Randomised Assessment of Treatment using Panel Assay of Cardiac markers - Contemporary Biomarker Evaluation (RATPAC CBE)
Authors: Collinson P, Gaze D, Thokala P, Goodacre S
Journal: Health Technology Assessment Volume: 17 Issue: 15
Publication date: April 2013
Randomised Assessment of Treatment using Panel Assay of Cardiac markers - Contemporary Biomarker Evaluation (RATPAC CBE). Health Technol Assess 2013;17(15)
Substudy of the point-of-care arm of the RATPAC (Randomised Assessment of Treatment using Panel Assay of Cardiac markers) trial.
The emergency departments of six hospitals.
Prospective admissions with chest pain and a non-diagnostic electrocardiogram randomised to point-of-care assessment or conventional management.
Blood samples taken on admission and 90 minutes from admission for measurement of cardiac markers [cardiac troponin I (cTnI), myoglobin and creatine kinase MB isoenzyme (CK-MB)] by point-of-care testing. An additional blood sample was taken at admission and 90 minutes from admission for analysis of high-sensitivity cTnI (two methods) and cardiac troponin T (cTnT), myoglobin, heart-type fatty acid-binding protein (H-FABP), copeptin and B-type natriuretic peptide (NTproBNP).
Main outcome measures
1. Diagnostic accuracy compared with the universal definition of myocardial infarction utilising laboratory measurements of cardiac troponin performed at the participating sites together with measurements performed in a core laboratory. 2. Ability of biomarker measurements to predict major adverse cardiac events (death, non-fatal AMI, emergency revascularisation or hospitalisation for myocardial ischaemia) at 3 months' follow-up. 3. Comparison of incremental cost per quality-adjusted life-year (QALY) of different biomarker measurement strategies for the diagnosis of myocardial infarction.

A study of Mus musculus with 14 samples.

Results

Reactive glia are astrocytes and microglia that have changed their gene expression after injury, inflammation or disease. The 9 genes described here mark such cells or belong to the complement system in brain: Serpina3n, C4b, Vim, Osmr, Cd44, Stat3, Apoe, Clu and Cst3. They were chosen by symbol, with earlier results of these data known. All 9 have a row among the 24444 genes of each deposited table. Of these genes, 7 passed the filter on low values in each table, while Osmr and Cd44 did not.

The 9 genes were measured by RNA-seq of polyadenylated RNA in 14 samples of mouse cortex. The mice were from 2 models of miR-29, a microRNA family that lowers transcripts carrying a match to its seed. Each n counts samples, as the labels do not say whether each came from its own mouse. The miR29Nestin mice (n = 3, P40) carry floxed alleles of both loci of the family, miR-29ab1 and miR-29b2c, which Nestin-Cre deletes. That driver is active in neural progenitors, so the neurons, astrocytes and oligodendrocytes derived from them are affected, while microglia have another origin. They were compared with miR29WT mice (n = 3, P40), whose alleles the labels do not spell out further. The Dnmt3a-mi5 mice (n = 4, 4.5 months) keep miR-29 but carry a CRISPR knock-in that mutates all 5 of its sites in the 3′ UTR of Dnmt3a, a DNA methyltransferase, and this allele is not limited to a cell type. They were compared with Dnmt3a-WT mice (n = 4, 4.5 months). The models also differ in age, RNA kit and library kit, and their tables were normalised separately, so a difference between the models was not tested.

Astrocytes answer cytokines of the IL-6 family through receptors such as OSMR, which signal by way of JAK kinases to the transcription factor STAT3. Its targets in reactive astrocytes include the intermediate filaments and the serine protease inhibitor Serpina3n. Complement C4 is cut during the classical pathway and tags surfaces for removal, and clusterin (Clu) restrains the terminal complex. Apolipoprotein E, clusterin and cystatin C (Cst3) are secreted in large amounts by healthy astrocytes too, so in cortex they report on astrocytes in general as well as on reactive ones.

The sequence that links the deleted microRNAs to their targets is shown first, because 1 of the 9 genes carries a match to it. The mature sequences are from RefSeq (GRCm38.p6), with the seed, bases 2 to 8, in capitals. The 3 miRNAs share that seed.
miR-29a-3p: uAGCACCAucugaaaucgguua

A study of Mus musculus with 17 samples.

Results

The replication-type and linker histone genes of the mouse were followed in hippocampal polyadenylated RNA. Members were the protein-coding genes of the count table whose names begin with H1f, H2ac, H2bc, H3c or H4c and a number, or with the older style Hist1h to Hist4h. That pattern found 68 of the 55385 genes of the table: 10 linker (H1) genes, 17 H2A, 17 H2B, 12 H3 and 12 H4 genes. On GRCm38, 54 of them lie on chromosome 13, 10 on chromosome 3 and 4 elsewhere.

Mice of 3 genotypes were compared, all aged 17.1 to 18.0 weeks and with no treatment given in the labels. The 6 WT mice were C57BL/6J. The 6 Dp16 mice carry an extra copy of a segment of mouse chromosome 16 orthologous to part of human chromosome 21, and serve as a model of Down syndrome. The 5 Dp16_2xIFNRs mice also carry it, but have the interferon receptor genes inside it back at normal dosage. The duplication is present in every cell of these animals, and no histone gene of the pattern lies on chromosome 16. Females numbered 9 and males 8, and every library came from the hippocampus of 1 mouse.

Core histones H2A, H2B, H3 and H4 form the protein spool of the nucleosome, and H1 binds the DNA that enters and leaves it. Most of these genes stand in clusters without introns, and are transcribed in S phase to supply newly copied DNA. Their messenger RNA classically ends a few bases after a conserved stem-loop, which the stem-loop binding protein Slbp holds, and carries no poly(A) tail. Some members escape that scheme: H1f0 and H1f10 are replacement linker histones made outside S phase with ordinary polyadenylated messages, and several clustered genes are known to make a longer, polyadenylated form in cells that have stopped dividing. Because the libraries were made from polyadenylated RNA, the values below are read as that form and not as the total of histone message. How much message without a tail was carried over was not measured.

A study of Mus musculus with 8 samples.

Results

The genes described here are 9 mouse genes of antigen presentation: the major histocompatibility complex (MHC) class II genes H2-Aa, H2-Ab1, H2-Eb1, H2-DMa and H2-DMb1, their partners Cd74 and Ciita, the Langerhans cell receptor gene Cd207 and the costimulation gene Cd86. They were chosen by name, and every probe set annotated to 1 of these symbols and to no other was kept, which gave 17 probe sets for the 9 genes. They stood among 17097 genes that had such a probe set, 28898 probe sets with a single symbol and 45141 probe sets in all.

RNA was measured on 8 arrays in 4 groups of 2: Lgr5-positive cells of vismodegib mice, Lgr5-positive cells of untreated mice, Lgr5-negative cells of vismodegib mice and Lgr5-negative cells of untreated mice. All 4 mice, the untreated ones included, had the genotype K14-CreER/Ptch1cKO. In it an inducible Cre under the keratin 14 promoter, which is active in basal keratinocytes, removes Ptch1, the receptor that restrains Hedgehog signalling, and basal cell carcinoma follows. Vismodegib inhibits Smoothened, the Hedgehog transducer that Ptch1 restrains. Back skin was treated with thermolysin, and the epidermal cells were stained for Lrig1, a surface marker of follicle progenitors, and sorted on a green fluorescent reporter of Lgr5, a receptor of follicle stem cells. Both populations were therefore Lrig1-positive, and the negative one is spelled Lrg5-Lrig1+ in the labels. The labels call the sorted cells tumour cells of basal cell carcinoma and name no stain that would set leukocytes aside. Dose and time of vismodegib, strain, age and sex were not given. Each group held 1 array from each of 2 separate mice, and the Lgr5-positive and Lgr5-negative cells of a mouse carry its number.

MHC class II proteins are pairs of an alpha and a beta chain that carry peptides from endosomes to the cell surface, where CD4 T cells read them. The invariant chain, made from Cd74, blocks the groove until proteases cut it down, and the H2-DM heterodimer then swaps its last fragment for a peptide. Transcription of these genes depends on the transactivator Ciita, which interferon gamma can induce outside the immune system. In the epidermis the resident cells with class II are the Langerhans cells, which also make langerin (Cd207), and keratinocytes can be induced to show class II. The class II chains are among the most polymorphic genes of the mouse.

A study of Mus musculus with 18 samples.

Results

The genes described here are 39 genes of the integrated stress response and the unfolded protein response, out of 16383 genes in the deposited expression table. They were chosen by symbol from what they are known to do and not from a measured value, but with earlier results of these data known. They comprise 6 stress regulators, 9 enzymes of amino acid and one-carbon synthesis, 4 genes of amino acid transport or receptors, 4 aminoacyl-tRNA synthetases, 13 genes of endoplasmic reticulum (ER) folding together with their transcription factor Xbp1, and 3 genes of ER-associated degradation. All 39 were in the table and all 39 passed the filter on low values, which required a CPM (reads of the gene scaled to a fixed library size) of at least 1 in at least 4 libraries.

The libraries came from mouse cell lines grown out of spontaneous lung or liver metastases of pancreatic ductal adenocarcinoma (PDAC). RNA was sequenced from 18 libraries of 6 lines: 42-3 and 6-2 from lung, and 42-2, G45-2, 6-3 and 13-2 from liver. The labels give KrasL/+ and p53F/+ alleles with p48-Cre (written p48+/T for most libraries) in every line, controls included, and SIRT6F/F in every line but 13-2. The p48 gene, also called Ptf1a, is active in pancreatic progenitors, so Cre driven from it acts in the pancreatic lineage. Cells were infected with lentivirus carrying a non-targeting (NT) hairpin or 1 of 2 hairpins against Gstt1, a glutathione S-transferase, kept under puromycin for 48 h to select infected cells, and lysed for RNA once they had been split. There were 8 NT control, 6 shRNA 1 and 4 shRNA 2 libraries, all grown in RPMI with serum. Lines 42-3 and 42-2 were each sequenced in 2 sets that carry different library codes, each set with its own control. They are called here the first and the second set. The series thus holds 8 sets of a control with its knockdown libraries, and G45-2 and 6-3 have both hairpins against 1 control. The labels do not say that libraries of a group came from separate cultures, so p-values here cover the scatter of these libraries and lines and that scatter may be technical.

Samples were available from 850 out of 1132 patients enrolled in the study. Measurement of admission myoglobin [area under the curve (AUC) 0.76] and CK-MB (AUC 0.84) was diagnostically inferior and did not add to the diagnostic efficiency of cTnI (AUC 0.90-0.94) or cTnT (AUC 0.92) measurement on admission. Simultaneous measurement of H-FABP and cTnT or cTnI did improve admission diagnostic sensitivity to 0.78-0.92, but only to the same level as that achieved with troponin measured on admission and at 90 minutes from admission (0.78-0.95). Copeptin (AUC 0.62) and NTproBNP (AUC 0.85) measured on admission were not useful as diagnostic markers. As a prognostic marker, troponin measured on admission using a high-sensitivity assay (AUC 0.73-0.83) was equivalent to NTproBNP measurement (AUC 0.77) on admission, but superior to copeptin measurement (AUC 0.58). From modelling, 10-hour troponin measurement is likely to be cost-effective compared with rapid rule-out strategies only if a £30,000 per QALY threshold is used and patients can be discharged as soon as a negative result is available.
The measurement of high-sensitivity cardiac troponin is the best single marker in patients presenting with chest pain. Additional measurements of myoglobin or CK-MB are not clinically effective or cost-effective. The optimal timing for measurement of cardiac troponin remains to be defined. Copeptin measurement is not recommended. H-FABP requires further investigation before it can be recommended for simultaneous measurement with high-sensitivity troponin in patients with acute chest pain.
This project was funded by the NIHR Health Technology Assessment programme and will be published in full in Health Technology Assessment; Vol. 17, No. 15. See the HTA programme website for further project information.